A new color-changing ink could aid in health and environment monitoring—for example, allowing clothing that switches hues when exposed to sweat or a tapestry that shifts colors if carbon monoxide enters a room. The formulation could be printed on anything from a T-shirt to a tent.
Wearable sensing devices such as smartwatches and patches use electronics to monitor heart rate, blood glucose, and more. Now researchers at Tufts University’s Silklab say their new silk-based inks can respond to, and quantify, the presence of chemicals on or around the body. Silk’s ability to “act like a protective ‘cocoon’ for biological materials” means the necessary sensing and color-changing materials can be added to the ink without losing their function, says Fiorenzo Omenetto, a biomedical engineer at Silklab and senior author of a new paper on the technology.
The researchers had created an earlier version of the material that inkjet printers could spray on fabric, turning small items, such as patches or gloves, into sensors. For the recent study, published online in May in Advanced Materials, they thickened the ink with the chemical sodium alginate to make it work in screen printing and then added various reactive substances. With the new ink, they can now “easily print a large number of reactive elements onto large surfaces,” Omenetto says.
The team made silk ink by breaking down raw fibers into constituent proteins, which the researchers suspended in water. Next they mixed in reactive molecules (such as pH-sensitive indicators and lactate oxidase) and analyzed how the resulting products changed color when exposed to alterations in their environment. When printed on fabric and worn, pH indicators could lend insight into skin health or dehydration; lactate oxidase could measure a wearer’s fatigue levels. The changes are visible to the naked eye, but the researchers also used a camera-imaging analysis to continuously monitor the color variations and create a database of values.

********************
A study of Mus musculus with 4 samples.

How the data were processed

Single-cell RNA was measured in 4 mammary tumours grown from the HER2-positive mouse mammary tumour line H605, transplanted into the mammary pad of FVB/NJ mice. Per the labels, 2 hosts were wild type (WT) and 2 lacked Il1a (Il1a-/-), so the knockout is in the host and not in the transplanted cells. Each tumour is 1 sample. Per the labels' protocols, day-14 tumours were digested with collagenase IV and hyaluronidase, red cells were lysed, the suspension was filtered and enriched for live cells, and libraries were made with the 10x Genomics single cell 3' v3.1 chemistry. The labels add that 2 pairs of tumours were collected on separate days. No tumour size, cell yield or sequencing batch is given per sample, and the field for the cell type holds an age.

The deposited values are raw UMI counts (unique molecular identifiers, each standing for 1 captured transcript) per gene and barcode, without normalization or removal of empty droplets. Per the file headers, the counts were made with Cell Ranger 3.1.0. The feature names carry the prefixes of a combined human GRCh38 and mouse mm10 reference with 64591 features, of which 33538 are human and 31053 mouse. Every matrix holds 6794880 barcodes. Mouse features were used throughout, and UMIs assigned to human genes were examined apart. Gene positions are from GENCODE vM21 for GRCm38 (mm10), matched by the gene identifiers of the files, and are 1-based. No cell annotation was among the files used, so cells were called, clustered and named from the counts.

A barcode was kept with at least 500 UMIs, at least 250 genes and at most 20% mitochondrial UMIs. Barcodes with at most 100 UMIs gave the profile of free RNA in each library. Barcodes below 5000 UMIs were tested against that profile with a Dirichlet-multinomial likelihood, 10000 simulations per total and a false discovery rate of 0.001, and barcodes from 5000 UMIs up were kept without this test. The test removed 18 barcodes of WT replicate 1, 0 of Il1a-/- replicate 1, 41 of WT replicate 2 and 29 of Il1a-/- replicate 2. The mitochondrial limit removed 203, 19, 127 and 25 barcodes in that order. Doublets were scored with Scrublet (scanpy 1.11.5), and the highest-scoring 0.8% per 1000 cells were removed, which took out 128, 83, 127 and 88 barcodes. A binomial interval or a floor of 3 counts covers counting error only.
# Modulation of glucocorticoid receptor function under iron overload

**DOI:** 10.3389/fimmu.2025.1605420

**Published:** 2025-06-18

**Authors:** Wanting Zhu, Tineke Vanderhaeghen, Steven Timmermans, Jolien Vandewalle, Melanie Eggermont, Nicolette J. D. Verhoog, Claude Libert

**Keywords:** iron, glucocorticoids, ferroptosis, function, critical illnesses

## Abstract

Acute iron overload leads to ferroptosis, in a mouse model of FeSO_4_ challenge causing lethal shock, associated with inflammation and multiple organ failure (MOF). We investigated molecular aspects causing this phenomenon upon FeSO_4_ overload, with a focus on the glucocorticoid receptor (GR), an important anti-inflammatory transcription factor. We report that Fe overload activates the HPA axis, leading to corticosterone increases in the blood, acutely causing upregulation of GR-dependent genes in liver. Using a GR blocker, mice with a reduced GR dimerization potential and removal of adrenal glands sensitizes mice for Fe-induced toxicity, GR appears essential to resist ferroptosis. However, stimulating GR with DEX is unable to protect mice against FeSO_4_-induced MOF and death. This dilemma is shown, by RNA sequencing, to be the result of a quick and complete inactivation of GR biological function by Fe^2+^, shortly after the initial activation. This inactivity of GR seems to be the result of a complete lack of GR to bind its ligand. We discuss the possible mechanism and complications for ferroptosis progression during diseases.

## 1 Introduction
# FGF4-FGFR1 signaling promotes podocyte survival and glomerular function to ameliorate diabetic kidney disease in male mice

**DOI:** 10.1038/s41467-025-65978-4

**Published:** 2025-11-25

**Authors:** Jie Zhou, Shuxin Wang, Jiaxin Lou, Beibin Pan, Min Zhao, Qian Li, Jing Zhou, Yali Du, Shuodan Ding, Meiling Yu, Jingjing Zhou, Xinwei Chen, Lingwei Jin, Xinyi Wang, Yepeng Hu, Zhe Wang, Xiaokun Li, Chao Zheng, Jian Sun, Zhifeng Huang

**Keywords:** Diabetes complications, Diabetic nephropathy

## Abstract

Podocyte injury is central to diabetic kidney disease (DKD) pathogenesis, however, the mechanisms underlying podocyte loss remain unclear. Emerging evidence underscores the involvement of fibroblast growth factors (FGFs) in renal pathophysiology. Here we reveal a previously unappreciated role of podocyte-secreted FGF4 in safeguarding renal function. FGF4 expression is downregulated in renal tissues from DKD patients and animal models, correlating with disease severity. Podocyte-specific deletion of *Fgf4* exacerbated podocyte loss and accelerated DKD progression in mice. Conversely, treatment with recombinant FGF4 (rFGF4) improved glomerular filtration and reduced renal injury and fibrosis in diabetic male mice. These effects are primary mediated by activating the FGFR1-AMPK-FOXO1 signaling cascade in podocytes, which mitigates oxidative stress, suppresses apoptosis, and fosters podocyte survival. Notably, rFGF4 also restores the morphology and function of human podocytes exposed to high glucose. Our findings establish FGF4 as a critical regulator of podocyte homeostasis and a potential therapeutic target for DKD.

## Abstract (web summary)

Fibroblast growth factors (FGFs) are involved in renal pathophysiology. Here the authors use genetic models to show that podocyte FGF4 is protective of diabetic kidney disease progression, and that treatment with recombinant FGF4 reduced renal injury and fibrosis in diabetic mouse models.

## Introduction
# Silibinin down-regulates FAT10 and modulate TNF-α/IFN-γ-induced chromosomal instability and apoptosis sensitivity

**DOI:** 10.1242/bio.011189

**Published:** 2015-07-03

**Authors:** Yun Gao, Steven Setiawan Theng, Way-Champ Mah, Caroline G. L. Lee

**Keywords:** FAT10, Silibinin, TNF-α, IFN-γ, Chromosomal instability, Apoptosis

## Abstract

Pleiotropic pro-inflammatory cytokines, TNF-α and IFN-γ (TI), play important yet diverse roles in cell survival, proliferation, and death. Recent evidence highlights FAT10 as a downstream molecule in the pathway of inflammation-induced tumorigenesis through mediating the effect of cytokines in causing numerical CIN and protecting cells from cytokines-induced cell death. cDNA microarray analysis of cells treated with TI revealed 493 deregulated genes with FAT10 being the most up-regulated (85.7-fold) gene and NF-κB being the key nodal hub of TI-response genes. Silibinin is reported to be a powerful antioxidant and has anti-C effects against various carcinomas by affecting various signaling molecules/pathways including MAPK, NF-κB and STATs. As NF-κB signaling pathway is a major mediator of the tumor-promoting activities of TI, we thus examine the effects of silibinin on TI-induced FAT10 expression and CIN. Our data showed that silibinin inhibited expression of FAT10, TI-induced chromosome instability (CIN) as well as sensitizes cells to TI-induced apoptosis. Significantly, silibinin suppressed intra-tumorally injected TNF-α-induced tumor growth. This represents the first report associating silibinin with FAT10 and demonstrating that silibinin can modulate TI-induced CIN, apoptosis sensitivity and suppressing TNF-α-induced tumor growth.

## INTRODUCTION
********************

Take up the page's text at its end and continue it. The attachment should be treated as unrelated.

“In the case of a T-shirt, the wearer ‘paints’ the shirt [through] exercise—with colors correlating to the acidity distribution of their sweat,” Omenetto says. He envisions using the ink to help monitor such activity. It could also be adapted to track environmental changes in a room, he says—or to respond to bacteria and follow disease progression.
Mechanical engineer Tyler Ray of the University of Hawaii at Manoa, who was not involved with the study, notes that most of today’s wearable monitors are rigid, wired and relatively bulky. The new ink technology has “the potential to transform consumer wearables from recreational novelty devices into body-worn, clinical-grade physiological measurement tools that yield physician-actionable information,” he says. But “one of the challenges with any colorimetric approach is the effect various environmental conditions have on accuracy, such as lighting … or the camera used.” Future studies would need to address these issues.